Only a few weeks into the new year, the world already has a new viral outbreak scare.
A coronavirus, which started with almost 60 cases in Wuhan, China, was recently confirmed by officials in Washington. The virus has also been found in other countries like Japan and South Korea.
While officials in China confirmed the virus isn’t SARS, they do know it’s a coronavirus. A coronavirus can be mild, like the common cold, but this mysterious strain has already caused six deaths in China.
But, as the illness appears in the United States, many are probably asking what is a coronavirus? Could it cause an outbreak in the US? Should I be worried about catching this virus?
What is a Coronavirus?
As we mentioned earlier, the coronavirus can range greatly in severity. What’s common across all coronaviruses is that it infects the respiratory system.
Coronaviruses are zoonotic, able to spread from animals to humans. Usually the virus spreads from person-to-person through coughing or sneezing. The virus will then infect the sinuses, throat and nose, usually staying in the lower respiratory system.
In most cases, a coronavirus infection will be mild, even causing 15-30% of common colds. When a coronavirus infects the upper respiratory system, it can lead to illnesses like bronchitis and pneumonia.
Mild coronaviruses will cause symptoms like:
- Sore Throat
- Runny Nose
But, the virus can also cause severe and life-threatening illnesses. Middle East Respiratory Syndrome (MERS-CoV) and Severe Acute Respiratory Syndrome (SARS-CoV) are both coronaviruses behind dangerous outbreaks this century.
Although very rare, both SARS and MERS cause similar symptoms which might seem like the flu:
- High Fever
- Shortness of Breath
- Dry Cough
While MERS can cause all the above symptoms, the virus can also lead to increased nausea and vomiting.
What makes both SARS and MERS deadly is the development of pneumonia and risk of respiratory failure. The viruses can also cause the heart and liver to fail.
While the fatality rate of both viruses remain uncertain, the WHO estimates about 35% of confirmed MERS cases have caused death. During the 2003 SARS outbreak, the WHO estimated the virus caused death in about 15% of cases.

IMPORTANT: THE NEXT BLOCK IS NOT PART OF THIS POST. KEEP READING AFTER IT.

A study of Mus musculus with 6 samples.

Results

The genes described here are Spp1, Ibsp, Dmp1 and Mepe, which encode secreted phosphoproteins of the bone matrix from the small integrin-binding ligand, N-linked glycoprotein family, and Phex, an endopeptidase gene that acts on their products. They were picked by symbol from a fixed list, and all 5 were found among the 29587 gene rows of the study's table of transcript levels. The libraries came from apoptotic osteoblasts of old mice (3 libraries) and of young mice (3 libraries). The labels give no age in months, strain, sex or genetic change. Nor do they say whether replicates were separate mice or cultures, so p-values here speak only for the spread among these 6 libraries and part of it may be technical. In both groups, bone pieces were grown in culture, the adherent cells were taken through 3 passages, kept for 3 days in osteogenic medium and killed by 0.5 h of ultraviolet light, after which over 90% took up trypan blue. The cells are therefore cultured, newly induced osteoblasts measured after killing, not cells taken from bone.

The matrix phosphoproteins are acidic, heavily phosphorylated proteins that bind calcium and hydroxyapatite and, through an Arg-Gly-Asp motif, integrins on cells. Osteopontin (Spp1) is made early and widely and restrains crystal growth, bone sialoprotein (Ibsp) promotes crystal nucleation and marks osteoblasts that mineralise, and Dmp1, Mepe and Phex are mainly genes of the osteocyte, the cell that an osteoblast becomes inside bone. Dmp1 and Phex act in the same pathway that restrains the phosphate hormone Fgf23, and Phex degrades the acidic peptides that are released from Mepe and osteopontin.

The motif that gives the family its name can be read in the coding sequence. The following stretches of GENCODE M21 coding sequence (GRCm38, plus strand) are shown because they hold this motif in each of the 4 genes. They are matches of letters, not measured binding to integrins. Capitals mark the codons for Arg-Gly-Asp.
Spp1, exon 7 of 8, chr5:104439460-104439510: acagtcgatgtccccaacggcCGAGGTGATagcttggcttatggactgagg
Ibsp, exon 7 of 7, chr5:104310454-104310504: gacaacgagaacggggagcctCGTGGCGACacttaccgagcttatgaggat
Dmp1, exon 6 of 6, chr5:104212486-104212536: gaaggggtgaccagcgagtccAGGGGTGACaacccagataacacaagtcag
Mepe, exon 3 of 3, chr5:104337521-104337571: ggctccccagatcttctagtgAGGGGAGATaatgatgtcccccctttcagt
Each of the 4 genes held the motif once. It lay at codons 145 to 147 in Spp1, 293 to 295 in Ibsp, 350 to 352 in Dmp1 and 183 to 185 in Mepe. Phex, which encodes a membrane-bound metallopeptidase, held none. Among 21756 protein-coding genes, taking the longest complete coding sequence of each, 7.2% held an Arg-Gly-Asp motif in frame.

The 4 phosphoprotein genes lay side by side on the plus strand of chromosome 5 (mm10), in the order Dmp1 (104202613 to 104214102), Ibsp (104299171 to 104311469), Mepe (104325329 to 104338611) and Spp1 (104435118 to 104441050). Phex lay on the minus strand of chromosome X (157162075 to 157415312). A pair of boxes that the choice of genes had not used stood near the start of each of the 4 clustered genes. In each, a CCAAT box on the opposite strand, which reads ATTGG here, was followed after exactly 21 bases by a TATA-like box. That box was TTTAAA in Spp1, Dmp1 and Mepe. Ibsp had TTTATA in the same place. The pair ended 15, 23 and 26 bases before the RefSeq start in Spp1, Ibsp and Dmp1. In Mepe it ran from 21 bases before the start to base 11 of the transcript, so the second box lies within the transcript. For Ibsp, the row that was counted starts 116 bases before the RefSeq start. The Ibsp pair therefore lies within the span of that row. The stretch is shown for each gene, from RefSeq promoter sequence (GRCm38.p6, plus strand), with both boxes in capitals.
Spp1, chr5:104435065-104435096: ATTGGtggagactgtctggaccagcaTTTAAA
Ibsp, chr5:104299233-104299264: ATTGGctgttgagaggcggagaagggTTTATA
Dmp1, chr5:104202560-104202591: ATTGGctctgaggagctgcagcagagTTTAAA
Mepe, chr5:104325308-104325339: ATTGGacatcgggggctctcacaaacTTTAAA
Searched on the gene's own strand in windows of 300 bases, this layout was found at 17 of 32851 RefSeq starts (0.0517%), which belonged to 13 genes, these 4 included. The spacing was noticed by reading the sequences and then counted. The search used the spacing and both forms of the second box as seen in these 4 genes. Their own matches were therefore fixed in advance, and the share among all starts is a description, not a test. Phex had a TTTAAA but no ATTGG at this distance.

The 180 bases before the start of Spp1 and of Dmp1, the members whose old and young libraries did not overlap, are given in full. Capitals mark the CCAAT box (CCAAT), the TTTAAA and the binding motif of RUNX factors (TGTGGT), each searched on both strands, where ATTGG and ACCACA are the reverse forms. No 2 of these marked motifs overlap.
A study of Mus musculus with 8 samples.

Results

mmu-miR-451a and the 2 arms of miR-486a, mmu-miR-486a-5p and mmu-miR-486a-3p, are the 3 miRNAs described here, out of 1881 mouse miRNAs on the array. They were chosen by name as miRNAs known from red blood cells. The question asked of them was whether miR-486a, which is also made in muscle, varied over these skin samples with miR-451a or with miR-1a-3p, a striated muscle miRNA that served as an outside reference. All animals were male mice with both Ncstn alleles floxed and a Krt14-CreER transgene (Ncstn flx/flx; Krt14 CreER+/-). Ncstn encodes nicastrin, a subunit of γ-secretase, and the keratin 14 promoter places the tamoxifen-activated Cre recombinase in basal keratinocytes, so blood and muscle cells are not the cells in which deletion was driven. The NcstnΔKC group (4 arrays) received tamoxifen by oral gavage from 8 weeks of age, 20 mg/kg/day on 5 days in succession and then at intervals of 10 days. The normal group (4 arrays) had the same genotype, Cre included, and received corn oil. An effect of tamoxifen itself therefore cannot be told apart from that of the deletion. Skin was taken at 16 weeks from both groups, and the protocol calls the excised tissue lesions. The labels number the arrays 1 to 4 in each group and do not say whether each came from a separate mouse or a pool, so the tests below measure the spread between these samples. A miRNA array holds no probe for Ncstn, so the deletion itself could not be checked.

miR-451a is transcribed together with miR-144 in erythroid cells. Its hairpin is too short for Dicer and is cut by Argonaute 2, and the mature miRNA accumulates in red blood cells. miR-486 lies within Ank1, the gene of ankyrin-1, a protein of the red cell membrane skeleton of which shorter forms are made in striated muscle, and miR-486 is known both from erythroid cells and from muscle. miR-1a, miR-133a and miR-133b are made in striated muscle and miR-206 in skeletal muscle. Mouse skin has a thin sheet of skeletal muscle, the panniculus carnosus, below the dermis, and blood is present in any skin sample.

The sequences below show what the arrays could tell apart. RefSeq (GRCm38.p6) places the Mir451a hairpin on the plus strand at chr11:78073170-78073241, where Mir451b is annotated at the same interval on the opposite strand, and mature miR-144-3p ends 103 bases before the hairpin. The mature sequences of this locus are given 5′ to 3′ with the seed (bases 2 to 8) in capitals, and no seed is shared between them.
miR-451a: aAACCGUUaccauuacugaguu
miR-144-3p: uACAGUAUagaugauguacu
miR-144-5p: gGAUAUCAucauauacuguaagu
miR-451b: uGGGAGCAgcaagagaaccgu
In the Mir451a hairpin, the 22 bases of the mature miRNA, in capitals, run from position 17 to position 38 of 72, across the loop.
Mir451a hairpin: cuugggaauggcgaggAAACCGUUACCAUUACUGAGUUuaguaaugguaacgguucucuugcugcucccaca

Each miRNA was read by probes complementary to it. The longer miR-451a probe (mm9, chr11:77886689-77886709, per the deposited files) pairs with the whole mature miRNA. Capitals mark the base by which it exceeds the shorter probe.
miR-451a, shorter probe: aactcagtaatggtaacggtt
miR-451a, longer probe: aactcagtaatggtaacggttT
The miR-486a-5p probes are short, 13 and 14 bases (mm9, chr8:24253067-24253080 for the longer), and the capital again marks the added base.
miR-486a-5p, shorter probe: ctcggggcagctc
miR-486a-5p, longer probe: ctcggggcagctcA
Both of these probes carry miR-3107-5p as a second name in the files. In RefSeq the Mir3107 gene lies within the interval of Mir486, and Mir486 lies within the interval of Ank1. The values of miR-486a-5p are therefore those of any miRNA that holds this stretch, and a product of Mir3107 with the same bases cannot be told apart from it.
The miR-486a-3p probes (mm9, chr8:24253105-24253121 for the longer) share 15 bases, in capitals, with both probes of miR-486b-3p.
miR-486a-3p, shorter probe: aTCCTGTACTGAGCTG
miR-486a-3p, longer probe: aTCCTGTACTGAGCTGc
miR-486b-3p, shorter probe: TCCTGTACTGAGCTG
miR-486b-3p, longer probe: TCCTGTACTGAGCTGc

Much like any other coronavirus, MERS and SARS spread through water droplets from an infected person. Usually the person providing medical help for an infected patient is at the greatest risk, with a cough or sneeze spreading the virus.
Treatment and Prevention
There is currently no vaccine or specific treatment for coronaviruses.
A doctor will often advise infected patients to get rest, drink fluids and take over-the-counter pain medication for the sore throat and fever.
Even without a vaccine, you can take steps to avoid the spread of coronaviruses:
- Wash your hands thoroughly and regularly
- Show extra caution when near a person who is infected, avoiding close contact
- Cover your mouth when sneezing and coughing
- Stay home if showing the symptoms of a coronavirus
Keep in mind that coronaviruses pose a greater risk during the winter months. It’s wise to show extra caution during the cold season.
The History of SARS
Because coronaviruses are zoonotic, humans may contract a strain from various animals.
Such a transmission occurred in 2002, starting in China. While the animal behind SARS is still under some debate, it’s believed a bat infected with a coronavirus spread the illness to a human in China. A Chinese farmer living near Hong Kong came down with what’s believed to be the first case of SARS. Doctors initially thought the illness was atypical pneumonia.
A doctor in China treated infected patients at a hospital in early 2003. The doctor then traveled to Hong Kong, unknowingly bringing SARS with him.
A lack of early quarantines allowed the virus to make it to nearby countries like Vietnam and Singapore. By April 2003, the WHO issued a global health alert for SARS, claiming global travel allowed the virus to reach other parts of the world, including North America.
The outbreak officially ended in July 2003, by which point over 8,000 people were infected with SARS, causing 774 deaths.
No cases of SARS have been reported since May 2004.
The History of MERS
The timeline of MERS transmission remains somewhat unclear.
While the first confirmed cases in humans came in 2012 in Saudi Arabia, the virus can be traced back to camels in 1983. Another zoonotic virus, officials have found MERS in camels across various countries.
Since the first cases in 2012, MERS has been found on various countries, including those in Europe, Africa and North America. Although, most MERS cases and outbreaks have been contained to the Middle East.
According to the WHO, MERS has caused 2,494 cases and 858 deaths since 2012.
Do you have any questions about coronaviruses? Wondering how to avoid a coronavirus and other illnesses when leaving the country? Passport Health can help. Give us a call at or book an appointment online to speak to a travel health nurse.
Did you know that Wuhan, China’s coronavirus was confirmed in North America? Would you avoid traveling until the outbreak was cleared up? Let us know in the comments, or via Facebook and Twitter.